If the world was a perfect place, every girl would have a mentor like Yoky Matsuoka. On April 15th, I was lucky enough to shadow Yoky at the University of Washington in Seattle through the Barbie I Can Be mentor program. The program matched ten girls across the country to ten mentors in varying fields in the hopes of inspiring young girls to pursue their dreams. I was nominated through NCWIT and was ecstatic when I found out that I would be able to participate.
The University of Arizona published an article this week about its new report, “Addressing Core Equity Issues in K-12 Computer Science Education: Identifying Barriers and Sharing Strategies” which it produced in cooperation with CSTA and the Anita Borg Institute. The report is a concise and valuable read. It addresses a long-standing problem evident to all of us, but suggests a novel approach:
There was a terrific profile this week on Texas State University’s implementation of ACTiVATE, the UMBC program (and EA member) that encourages women to start tech businesses by providing them with entrepreneurship training, mentoring, and skills. What a great example of how an entrepreneurship program brings together local technologies and local talent to nurture innovation and business.
If you've been wondering what computer science enrollments are like across the pond, here's one answer: Cambridge University in the UK apparently has launched a campaign to recruit more students to computer science, and to dispel the myth that it’s “only for geeks”.
I've heard Maria Klawe say (something along the lines of): "To become a better teacher, you should learn how to do new things that are hard for you - this will help you remember what it is like for many of your students."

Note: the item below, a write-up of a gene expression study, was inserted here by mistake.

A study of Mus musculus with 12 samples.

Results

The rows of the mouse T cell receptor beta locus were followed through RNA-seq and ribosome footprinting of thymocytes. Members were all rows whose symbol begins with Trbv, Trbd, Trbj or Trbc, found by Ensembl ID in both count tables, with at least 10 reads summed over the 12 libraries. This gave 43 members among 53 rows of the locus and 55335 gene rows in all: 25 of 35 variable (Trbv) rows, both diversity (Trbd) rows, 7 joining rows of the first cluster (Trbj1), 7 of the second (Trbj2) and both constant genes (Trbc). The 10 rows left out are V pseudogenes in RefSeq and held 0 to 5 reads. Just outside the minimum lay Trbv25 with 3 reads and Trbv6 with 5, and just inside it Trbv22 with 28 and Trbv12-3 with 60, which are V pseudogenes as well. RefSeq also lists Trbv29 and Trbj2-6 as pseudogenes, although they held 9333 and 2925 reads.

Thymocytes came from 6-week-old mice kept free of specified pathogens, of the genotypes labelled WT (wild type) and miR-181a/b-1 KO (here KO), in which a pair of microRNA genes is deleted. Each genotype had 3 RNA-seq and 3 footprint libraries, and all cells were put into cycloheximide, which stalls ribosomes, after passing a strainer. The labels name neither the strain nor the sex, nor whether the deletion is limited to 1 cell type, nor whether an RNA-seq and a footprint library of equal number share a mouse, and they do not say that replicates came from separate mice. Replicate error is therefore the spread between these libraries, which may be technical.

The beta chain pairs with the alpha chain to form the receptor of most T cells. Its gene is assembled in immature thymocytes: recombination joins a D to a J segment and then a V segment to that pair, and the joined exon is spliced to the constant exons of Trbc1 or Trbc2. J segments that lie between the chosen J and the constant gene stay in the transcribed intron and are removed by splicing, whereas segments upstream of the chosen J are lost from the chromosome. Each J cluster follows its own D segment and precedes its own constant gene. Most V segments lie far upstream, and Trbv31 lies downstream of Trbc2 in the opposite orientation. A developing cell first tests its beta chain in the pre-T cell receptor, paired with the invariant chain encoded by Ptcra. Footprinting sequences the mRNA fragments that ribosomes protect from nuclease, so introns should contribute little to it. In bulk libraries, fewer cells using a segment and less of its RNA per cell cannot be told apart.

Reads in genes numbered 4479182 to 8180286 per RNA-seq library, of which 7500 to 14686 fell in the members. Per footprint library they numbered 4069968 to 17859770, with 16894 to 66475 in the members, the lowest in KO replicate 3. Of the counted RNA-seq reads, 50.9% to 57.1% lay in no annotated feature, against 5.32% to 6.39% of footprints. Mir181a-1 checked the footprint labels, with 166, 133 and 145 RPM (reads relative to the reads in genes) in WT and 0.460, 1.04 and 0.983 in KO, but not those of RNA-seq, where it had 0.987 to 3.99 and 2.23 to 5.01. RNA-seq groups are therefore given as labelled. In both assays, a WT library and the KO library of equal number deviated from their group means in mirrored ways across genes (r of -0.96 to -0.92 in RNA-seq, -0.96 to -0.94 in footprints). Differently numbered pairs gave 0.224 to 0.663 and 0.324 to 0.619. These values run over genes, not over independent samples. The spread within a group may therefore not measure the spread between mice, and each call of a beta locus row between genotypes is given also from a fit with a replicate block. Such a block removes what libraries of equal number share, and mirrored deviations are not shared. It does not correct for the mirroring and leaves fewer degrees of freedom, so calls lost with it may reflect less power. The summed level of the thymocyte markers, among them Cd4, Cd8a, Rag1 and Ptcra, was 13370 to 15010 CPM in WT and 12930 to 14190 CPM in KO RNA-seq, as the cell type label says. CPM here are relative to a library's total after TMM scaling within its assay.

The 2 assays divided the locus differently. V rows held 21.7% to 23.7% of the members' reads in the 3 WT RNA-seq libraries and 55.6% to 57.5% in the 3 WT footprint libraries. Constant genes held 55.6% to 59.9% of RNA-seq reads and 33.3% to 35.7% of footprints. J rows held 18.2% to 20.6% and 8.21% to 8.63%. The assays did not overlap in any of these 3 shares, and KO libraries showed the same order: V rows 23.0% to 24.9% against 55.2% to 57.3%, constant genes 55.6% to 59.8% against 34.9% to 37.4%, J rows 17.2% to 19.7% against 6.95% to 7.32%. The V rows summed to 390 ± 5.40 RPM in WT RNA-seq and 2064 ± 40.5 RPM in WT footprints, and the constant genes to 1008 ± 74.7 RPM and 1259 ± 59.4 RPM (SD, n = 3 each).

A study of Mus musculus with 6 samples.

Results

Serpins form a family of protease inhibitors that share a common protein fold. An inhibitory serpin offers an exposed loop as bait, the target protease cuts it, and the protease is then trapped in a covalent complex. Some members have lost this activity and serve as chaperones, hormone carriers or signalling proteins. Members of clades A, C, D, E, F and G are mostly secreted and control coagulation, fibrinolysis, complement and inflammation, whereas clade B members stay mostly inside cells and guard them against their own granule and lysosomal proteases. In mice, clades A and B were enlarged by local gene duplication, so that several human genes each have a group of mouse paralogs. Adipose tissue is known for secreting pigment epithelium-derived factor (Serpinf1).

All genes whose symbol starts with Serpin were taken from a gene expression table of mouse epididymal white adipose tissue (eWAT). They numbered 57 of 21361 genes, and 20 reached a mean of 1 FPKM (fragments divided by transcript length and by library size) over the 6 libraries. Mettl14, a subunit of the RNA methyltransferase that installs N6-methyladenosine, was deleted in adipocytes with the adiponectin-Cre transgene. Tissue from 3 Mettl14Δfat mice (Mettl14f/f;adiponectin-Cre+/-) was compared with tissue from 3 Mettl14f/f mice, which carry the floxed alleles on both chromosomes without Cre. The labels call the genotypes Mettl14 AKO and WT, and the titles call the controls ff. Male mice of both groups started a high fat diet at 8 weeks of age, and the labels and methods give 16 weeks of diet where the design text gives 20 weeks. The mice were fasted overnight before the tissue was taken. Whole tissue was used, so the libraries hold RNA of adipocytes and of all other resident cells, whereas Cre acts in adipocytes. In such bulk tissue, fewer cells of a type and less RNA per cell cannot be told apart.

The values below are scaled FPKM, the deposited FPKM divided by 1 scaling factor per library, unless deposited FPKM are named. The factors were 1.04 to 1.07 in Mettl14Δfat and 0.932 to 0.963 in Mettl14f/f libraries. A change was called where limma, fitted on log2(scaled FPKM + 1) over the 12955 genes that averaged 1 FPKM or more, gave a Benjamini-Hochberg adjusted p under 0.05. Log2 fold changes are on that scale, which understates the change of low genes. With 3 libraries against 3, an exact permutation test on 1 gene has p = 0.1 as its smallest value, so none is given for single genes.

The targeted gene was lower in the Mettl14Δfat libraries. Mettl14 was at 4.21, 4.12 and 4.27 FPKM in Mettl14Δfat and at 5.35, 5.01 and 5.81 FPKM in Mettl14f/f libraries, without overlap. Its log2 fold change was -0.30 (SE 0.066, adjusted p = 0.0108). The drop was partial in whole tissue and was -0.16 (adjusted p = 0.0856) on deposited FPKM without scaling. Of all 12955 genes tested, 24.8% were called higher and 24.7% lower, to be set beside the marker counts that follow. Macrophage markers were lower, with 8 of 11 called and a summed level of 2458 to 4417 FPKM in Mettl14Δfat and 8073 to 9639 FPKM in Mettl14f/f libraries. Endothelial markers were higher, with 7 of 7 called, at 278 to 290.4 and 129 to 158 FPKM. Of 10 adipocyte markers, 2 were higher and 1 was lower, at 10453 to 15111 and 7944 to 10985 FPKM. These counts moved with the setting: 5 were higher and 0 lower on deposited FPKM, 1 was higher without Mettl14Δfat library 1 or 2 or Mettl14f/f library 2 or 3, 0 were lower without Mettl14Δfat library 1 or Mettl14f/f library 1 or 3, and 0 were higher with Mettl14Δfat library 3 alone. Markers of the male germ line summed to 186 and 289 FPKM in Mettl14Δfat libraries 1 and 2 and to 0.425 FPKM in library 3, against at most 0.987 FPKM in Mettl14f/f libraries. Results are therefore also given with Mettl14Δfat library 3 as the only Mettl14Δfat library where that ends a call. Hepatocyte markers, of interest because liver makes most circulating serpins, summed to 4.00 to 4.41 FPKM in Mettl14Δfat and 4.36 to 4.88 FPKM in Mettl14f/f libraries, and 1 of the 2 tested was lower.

At this year's SXSW, 10 "women-in-tech" organizations teamed up to sponsor a single booth. "Women Techies United" turned out to be quite an attraction! Nearly every woman who walked by (and a lot of men too) stopped to see what we were all about.
Despite outreach programs, targeted recruitment efforts and scholarships, women continue to account for a disproportionally small fraction of the bachelor’s degrees awarded in computing. That suggests to me that if we’re ever going to change our demographics, we need to look carefully at the product we’re offering.
This is the second in a series of blogs contributed by winners of the NCWIT Academic Alliance Seed Fund, a Microsoft-funded initiative that awards up to $15,000 to innovative programs that recruit and retain women students in post-secondary computing departments. Read more about the Seed Fund here.